It tells the story of an unnamed artist, charting his journey from childhood to being an accomplished musician. The work explores his changing relationship to music and the double bass, as he battles to fulfil his soul’s desire. Richly symbolic and told as a mythic ‘folk tale’, it blends comedy and pathos, as it grapples with challenges many artists will know only too well.
The Cry of the Double Bass is the first original opera which engages with themes rarely seen in an operatic context. Music and musical experience become primary topics; a performer and his historically neglected instrument the double bass are the protagonists around whom the plot evolves; creativity, the artist’s inner and spiritual search, and the way society perceives musicians are also themes of paramount importance.
The work holds a universal message, which is across-the board and goes beyond the world of artists, and particularly important for young audiences: take decisions following your own heart. Its communication is effective on many levels with all types of audiences.
The Cry of the Double Bass is the creative result of Sebastiano Dessanay’s experience over many years as a double bassist as well as a composer.
In 2014 Sebastiano was awarded a Ph.D. at Birmingham Conservatoire (UK). He explored through musical composition the complex relationships between the double bassist and their instrument. The main essence of Sebastiano’s Ph.D. project was the creative process that led to the composition of a substantial music piece where the double bass has a prominent role.
The initial plan was to set to music the monodrama The Double Bass (Der Kontrabass) by Patrick Süskind. After the publishers did not allow him to use the original text in any different way that was not a monologue, Sebastiano commissioned a new libretto, where the focus would still be the double bass. However, not being tied up to Süskind’s text anymore allowed to include in the work other aspects of Sebastiano’s personal musical experience that he wanted to explore.
The final libretto is by English writer Mike Carter, with whom Sebastiano worked in close collaboration for more than a year before reaching a final draft of the text. Together they went through all the aspects of the research, using Süskind’s text as a starting point but then developing some concepts and finding new inspiration from Sebastiano’s personal experience as both composer and performer.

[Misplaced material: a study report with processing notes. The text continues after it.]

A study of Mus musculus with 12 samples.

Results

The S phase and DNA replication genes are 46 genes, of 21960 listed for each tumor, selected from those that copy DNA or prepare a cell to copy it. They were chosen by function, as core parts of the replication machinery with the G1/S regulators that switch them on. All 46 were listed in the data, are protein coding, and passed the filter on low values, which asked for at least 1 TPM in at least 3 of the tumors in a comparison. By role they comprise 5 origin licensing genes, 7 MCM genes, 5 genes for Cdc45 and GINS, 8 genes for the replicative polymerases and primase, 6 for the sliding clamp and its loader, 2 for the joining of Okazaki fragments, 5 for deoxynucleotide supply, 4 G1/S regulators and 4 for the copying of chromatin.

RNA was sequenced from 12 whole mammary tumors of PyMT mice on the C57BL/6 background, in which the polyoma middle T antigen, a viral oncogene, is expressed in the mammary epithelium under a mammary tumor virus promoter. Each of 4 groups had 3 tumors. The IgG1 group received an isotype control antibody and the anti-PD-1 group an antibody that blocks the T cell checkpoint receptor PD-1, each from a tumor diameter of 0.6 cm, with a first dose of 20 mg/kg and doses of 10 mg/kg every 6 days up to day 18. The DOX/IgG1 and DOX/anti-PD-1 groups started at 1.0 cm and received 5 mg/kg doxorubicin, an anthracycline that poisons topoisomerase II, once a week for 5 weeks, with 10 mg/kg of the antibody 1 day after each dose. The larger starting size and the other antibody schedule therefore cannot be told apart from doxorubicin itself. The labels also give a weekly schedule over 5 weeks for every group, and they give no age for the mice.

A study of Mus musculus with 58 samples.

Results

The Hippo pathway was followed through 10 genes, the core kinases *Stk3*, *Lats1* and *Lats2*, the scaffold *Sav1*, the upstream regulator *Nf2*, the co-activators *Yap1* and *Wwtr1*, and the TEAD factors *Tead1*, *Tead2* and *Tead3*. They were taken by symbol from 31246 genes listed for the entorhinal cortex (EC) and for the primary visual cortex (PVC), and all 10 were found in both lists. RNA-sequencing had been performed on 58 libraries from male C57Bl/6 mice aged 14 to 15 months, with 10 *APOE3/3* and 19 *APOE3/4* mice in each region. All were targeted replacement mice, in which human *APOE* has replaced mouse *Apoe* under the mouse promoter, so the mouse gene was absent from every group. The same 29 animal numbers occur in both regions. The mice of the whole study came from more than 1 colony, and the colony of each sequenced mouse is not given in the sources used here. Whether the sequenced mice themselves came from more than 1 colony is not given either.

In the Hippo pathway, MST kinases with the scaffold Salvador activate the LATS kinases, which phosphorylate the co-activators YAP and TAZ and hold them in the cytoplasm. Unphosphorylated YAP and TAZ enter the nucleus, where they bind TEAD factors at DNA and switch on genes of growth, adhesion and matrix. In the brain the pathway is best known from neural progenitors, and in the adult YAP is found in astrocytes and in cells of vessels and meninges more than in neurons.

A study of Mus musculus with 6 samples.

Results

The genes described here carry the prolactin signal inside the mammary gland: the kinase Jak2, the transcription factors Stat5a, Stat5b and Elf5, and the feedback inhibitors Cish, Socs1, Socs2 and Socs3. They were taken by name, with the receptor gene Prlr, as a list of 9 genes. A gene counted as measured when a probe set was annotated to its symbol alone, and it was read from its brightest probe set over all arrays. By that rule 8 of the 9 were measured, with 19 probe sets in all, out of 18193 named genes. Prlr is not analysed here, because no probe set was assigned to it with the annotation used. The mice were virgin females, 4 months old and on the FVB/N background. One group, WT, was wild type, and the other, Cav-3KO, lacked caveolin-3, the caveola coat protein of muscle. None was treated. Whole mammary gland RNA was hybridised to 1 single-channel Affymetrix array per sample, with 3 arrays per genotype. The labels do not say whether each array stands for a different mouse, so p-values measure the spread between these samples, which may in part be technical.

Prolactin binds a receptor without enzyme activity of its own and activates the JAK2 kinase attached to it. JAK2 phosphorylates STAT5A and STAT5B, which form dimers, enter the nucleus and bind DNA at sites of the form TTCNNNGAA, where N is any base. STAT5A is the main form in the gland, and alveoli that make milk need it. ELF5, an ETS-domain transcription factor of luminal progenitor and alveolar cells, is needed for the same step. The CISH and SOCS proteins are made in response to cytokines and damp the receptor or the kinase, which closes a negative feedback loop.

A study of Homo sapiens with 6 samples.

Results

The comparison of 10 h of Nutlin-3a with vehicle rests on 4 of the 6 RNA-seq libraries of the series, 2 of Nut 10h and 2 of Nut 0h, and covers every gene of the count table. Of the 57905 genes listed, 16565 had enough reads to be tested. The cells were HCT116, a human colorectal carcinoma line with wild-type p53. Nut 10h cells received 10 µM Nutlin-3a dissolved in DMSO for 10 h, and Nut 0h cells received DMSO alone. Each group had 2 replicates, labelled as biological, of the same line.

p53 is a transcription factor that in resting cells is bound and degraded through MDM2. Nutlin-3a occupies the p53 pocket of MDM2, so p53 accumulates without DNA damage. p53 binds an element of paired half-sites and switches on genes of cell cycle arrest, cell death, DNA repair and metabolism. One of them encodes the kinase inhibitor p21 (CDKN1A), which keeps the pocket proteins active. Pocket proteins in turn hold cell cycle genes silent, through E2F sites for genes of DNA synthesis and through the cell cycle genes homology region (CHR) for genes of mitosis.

The Cry of the Double Bass was completed in the summer of 2013 and some excerpts of it were recorded at the Birmingham Conservatoire by contemporary ensemble Thumb conducted by Dan Watson.
by Sebastiano Dessanay
One of the most recurrent questions I have asked myself as a musician is possibly ‘how can I be a better musician?’, which can be elaborated into ‘how can I overcome technical and musical problems?’ Also, as a composer I have always faced the challenge of starting a new composition, often having to overcome the familiar writer’s creative block.
A new question had been forming in my head: ‘can I create a new work exploiting my technical and musical problems and how?’ or in other words ‘can my being a music practitioner be exploited into a creative project?’
‘No self-respecting composer would write for double bass, he’d have more taste. And if he ever did, then it would be as a joke’. This quote from Süskind’s The Double Bass not only contains the protagonist’s personal point of view on the instrument and its repertoire, but it also reflects a very common tendency that there has been in the past to perceive the double bass as an ‘awkward’ instrument, which has dissuaded many composers from writing for the instrument throughout history. Very often the luminaries of the double bass were ‘double bassists who out of frustration turned their hands into composition’. I felt as if Patrick Süskind was challenging my aforementioned philosophical questions.
My personal background both as a double bassist and composer has allowed me to be in a privileged position to understand many of the issues raised by Süskind. Paradoxically written by a non-musician, the book presents a passionate monologue by a double bassist, the central character in the play, whose life (both within and without the world of music) has been strongly influenced by the presence of the double bass, ‘the damned object’. As in Süskind’s famous novel Perfume, the story reflects the psychology, obsessions and behaviours of the main character as outsider. A sense of frustration pervades the whole book, which arises from issues ranging from facing technical limitations of instrumental practise to the relationship between the classical double bassist of today and the masters of the past (both performers and composers), passing through all the experiences involved in being an orchestral employee.
This context yielded the answer to my main question ‘can I create a new work exploiting my technical and musical problems and how?’, and provided a strong motivation to try to expand and develop those fictional but real conflicts into a wider music piece inspired by Süskind’screative project will attempt to resolve the aforementioned sense of frustration, using the double bass (and the central role of the double bassist) as a means to explore contemporary musical material. The creation of this opera can be interpreted as a cathartic act through which the performer’s frustrations may be released. My role as a composer has served as a catalyst, encouraging this process of redemption.